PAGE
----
What exactly is casual dating? Does this mean the couple is not dating exclusively? I met a guy about a month ago through a personal ad. Shortly after, he said he should take down his profile, but it’s still up, and so is mine. He wants to date casually and eventually get into a long-term relationship. He said he likes me a lot and thinks of me often. I talk to him a few times a week and see him once a week. We had sex last week, and I feel he is in the uncertainty stage now or just in it for the sex. I am confused because I usually talk to a guy everyday if there is a connection. He mentioned something about opening up his heart and then getting hurt. Please help!
Dating is essentially an interview for the job of boyfriend or girlfriend. Along with random comments about the first episode of Love Monkey or how listening to Barry White changed your life (OK, my life), you learn about the other person’s lifestyle, successes and failures in past relationships, personal strengths and weaknesses, communication and conflict-resolution skills, values and spiritual beliefs. You also note levels of physical attraction and whether your date does what he says he’ll do. When he says, “I’ll call you tonight,” does he actually have the integrity to meet the commitment?
Casual dating usually means you are getting to know two or three different people in order to discern which one you want to evolve with. So, keeping your profile online is totally acceptable while dating. But it’s best to postpone sex until you have an exclusive relationship. Otherwise, insecurities flare and consume you or the relationship. Um, I think that’s where you are right now.
Thank goodness St. Nick and his posse were good to me this year. I got lots of useful presents, including the groovy How to Understand Any Man machine. I typed in your man’s words, “In the past, I opened my heart and got hurt.” The translator spit out, “Baby, I got baggage!” When someone enters a new relationship burdened by unresolved issues from a former love, the current relationship suffers. For the current relationship to work, you have to be patient, and he has to attend therapy.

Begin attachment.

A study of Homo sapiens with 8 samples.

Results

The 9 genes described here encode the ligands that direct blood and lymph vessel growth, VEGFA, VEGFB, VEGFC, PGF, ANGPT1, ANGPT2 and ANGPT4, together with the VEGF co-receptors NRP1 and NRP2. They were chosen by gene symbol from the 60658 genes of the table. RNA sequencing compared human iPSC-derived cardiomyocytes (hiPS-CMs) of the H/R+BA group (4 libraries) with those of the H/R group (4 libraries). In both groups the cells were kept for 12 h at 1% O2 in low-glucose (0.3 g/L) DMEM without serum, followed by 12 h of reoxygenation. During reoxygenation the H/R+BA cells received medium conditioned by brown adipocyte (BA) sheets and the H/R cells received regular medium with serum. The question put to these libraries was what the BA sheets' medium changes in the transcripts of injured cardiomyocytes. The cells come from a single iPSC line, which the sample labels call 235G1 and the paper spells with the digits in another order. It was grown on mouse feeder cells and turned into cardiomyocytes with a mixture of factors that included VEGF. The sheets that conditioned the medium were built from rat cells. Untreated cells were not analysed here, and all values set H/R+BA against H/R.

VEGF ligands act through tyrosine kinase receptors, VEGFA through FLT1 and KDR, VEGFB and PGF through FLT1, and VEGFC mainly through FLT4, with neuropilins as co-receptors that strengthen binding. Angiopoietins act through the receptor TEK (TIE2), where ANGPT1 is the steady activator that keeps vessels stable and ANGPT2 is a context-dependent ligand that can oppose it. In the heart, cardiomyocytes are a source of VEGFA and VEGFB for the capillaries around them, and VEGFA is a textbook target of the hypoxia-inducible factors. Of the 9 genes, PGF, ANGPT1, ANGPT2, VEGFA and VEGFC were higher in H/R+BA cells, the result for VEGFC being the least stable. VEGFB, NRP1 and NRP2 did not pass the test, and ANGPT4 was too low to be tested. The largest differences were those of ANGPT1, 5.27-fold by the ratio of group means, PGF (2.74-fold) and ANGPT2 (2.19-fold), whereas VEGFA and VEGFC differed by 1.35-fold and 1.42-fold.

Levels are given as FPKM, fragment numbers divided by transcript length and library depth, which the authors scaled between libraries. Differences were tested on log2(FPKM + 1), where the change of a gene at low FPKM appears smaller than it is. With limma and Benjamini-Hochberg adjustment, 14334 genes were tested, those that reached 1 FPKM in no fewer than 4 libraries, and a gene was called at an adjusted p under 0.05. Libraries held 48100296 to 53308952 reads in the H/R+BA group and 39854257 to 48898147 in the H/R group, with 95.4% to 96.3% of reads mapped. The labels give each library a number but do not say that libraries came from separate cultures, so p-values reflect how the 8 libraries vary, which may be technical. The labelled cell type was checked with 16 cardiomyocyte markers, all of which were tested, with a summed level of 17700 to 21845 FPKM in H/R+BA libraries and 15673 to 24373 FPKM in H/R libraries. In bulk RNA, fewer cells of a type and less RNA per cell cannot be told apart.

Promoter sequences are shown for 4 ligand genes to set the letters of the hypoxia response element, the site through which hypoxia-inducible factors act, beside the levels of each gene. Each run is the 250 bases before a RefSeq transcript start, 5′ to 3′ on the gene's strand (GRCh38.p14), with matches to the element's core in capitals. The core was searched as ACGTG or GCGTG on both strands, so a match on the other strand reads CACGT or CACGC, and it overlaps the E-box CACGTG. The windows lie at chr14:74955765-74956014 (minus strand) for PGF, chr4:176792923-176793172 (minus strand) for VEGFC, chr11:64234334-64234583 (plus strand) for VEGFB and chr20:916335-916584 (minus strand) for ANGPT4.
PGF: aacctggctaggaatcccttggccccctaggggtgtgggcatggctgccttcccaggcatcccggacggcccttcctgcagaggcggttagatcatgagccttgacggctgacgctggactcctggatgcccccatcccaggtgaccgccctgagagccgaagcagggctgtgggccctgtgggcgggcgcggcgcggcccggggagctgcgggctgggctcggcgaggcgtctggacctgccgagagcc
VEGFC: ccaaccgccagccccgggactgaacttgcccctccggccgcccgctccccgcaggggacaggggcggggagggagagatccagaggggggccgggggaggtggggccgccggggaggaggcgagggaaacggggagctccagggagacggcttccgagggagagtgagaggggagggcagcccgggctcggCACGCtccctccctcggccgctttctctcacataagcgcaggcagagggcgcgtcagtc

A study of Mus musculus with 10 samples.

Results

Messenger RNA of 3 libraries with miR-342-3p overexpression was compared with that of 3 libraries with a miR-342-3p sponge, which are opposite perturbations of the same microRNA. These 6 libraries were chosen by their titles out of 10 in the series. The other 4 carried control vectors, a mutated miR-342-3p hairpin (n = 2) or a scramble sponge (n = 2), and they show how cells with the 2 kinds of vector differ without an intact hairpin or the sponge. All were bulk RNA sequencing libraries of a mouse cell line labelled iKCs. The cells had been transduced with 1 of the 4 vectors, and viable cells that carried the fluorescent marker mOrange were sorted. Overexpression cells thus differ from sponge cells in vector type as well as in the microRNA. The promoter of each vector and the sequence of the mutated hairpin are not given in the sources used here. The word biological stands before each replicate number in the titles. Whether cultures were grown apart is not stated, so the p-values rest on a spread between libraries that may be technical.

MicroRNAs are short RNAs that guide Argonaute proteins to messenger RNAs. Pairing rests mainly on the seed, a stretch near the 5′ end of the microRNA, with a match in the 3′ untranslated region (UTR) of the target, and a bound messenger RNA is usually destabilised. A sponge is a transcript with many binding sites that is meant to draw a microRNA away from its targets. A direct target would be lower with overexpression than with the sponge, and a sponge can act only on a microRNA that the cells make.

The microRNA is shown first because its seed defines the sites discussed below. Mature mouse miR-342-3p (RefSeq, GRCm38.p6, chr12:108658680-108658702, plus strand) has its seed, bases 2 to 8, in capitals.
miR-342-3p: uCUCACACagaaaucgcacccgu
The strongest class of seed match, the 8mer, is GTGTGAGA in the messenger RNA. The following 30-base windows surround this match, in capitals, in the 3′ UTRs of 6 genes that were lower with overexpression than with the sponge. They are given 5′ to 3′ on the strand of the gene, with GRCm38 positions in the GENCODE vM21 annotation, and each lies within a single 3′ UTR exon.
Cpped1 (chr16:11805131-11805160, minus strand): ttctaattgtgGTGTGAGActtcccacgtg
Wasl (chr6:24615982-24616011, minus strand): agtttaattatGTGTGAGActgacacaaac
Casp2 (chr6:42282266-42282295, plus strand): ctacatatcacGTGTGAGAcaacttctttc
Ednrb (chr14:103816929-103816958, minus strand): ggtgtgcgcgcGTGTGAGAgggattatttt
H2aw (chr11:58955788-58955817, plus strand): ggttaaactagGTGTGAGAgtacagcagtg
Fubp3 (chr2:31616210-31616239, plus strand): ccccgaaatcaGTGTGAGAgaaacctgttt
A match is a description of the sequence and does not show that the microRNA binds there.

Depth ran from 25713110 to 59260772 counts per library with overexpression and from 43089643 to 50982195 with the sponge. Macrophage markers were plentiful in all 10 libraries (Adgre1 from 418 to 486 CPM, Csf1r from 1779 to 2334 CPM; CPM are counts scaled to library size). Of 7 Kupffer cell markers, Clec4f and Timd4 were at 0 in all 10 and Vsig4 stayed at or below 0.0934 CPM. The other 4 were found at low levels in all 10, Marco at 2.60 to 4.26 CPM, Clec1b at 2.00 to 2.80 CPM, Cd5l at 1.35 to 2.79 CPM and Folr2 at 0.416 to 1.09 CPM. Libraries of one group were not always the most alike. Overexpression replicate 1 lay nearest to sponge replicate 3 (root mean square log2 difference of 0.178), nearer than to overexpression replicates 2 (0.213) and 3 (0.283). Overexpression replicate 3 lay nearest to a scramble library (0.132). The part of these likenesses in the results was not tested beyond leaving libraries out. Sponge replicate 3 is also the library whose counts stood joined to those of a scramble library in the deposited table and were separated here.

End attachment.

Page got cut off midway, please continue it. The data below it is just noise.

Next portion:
I suggest you take time to think about what you really need (I need to talk to my man daily) and then ask this guy, directly, for it. If he’s interested, he’ll let you know if your list is viable for him. If he runs, he’s not ready to face his fears, and he is not available to be in a real relationship with you (or anyone else).
I have 18 months of sobriety. After years of bad relationship choices driven by issues created out of childhood abuse and neglect, I now approach romance more maturely. But I am still sweet on women who balk at a serious relationship. I understand why women avoided me when I was drunk and flaky, but why do women who express great pleasure with who I am refuse commitment?
There is nothing wrong with you. There’s nothing wrong with the women you’re dating either. They’re just not where you are, emotionally. Or are they? Being attracted to women who resist emotional attachment is a way to perpetuate the feelings associated with the neglect and abuse of your childhood. Carl Jung once said that 90 percent of a relationship is shadow work. That means relationships, whether short- or long-term, are opportunities to face (or resist) the feared, denied, disowned parts of ourselves. In your case, that means you are invited to assess your commitment to being in a serious, loving relationship with yourself.